AISLE SAY San Francisco


by Zayd Dohrn
Directed by Ryan Rilette
Presented by Marin Theatre Company
Lieberman Theatre
397 Miller Ave., Mill Valley, CA / Phone (415) 388-5208

Reviewed by Judy Richter

What was life like for children who grew up in hippie communes in the '70s? More important, what is life like for them back in the "regular" world? Zayd Dohrn explores these questions in "Magic Forest Farm," being given its world premiere by Marin Theatre Company. Dohrn can write with some authority since he is the son of William Ayers (the one whose name arose in Barack Obama's presidential campaign) and Bernadine Dohrn, founders of the radical Weather Underground. As such, "he was born underground and grew up in communes and hideouts across the country," according to an MTC press release. Despite this background, the program explicitly states that the events, people and places are all fictionalized.

Most of the action takes place in 1989, but there are flashbacks to 1979. The central character is the teenaged Allegra (Laura Morache), who lives with her parents and brother in La Jolla, Calif. She and her brother, Ben (Avery Monsen), were born in the Magic Forest Farm commune in Northern California and spent several years of their childhood there. Now their father, Marvin (Robert Sicular), is a professor at the University of California at San Diego, where he teaches a class in the history of American radicalism. Their mother, Eleanor (Julia Brothers), is a health care professional and works in a clinic.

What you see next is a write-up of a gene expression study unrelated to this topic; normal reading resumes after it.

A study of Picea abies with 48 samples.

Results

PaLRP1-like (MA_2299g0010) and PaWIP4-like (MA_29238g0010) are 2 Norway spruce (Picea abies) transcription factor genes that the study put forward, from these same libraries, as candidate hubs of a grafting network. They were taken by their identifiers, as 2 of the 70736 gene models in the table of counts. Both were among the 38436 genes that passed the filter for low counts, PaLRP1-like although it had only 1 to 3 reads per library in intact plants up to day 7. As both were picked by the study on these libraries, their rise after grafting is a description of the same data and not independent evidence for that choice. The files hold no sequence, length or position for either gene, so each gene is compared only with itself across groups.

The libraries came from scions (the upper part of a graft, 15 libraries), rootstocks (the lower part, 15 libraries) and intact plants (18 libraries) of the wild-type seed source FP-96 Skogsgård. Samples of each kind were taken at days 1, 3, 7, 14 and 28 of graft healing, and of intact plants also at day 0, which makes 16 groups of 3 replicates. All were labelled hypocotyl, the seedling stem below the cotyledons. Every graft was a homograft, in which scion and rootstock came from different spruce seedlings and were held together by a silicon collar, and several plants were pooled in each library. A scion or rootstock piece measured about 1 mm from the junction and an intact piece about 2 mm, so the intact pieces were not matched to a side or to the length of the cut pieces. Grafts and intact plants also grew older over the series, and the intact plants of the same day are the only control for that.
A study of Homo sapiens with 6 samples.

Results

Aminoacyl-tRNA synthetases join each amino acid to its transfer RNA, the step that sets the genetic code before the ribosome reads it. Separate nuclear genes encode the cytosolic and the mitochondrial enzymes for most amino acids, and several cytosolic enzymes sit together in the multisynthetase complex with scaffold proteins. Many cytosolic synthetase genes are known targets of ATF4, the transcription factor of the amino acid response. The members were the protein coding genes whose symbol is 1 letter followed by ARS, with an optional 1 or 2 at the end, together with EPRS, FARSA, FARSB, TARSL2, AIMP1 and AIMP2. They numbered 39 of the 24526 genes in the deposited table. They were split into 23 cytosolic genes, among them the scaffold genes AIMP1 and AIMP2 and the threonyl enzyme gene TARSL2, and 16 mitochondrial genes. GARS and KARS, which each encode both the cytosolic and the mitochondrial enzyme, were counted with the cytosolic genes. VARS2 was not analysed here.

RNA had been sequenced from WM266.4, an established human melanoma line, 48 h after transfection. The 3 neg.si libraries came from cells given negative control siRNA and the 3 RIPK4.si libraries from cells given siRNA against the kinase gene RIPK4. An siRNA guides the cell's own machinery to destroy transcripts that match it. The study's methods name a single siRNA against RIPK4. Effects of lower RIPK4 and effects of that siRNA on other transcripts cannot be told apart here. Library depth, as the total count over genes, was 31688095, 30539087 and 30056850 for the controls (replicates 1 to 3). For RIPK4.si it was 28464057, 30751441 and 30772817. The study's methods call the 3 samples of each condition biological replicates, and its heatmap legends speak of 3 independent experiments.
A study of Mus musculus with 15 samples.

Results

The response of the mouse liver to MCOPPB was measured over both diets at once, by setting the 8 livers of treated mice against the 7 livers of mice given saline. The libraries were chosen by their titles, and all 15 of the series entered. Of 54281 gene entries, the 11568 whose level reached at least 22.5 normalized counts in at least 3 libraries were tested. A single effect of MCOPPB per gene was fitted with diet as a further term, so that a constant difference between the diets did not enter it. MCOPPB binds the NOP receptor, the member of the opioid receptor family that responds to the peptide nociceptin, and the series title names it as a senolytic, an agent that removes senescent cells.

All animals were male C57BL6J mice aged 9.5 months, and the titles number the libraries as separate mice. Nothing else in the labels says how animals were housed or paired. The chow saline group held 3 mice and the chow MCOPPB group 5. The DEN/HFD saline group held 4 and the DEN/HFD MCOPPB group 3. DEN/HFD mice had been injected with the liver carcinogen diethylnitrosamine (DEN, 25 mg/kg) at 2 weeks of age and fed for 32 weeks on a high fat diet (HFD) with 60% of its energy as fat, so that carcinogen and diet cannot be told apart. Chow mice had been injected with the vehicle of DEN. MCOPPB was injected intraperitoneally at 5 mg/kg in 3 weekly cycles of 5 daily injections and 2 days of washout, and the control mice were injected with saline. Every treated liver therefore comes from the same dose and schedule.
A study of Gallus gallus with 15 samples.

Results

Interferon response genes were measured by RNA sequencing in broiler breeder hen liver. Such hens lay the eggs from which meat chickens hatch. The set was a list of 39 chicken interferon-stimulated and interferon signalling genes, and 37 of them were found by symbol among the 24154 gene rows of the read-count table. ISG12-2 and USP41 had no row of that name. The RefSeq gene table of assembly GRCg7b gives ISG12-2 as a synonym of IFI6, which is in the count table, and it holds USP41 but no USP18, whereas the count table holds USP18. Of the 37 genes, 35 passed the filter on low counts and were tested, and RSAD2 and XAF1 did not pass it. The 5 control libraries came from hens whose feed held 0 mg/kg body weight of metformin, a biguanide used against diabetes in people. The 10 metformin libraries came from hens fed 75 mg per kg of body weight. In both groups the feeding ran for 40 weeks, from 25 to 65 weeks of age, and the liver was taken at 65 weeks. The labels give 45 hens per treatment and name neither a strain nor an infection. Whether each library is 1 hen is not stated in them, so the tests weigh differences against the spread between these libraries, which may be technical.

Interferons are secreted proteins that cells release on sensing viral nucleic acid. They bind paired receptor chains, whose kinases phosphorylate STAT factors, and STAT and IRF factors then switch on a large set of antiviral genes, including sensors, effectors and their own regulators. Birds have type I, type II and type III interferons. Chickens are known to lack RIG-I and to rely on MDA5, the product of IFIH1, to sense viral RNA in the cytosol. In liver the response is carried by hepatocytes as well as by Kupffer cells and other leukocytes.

Allegra is unhappy. She doesn't fit in at school, and she's beginning to have disturbing feelings about what might have happened at the commune. To find out, she takes her mother's car and drives north to the commune, where she's welcomed by remaining residents Gabby (David Cramer) and his daughter, Swan (Anna Bullard). Gabby's wife still lives there but is away on a visit. They're soon joined by Allegra's parents and brother, who are concerned about her. What ensues is a series of conversations, mainly among the three adults and among the three teens. There are flashbacks to 1979, when the commune was in full flower with lots of drugs and sex. Along the way, Allegra and Ben make some disturbing discoveries.

MTC is presenting the play in its smaller theater, the 99-seat Lieberman. Director Ryan Rilette and scenic-lighting designer Jeff Rowlings make good use of the small thrust stage. Callie Floor's costumes fit the times, and music by co-composers Chris Houston (who also designed the sound) and Didier Bouvet help to recall the times. Although all six actors create believable characters, Monsen tends to play Ben within a narrow range, becoming irritable with Allegra and then retreating into a shell and refusing to talk about his feelings as events unfold. In part this may be Dohrn's fault for not fleshing him out more fully.

Otherwise, it's an absorbing 90 minutes, running without intermission, from a promising young playwright.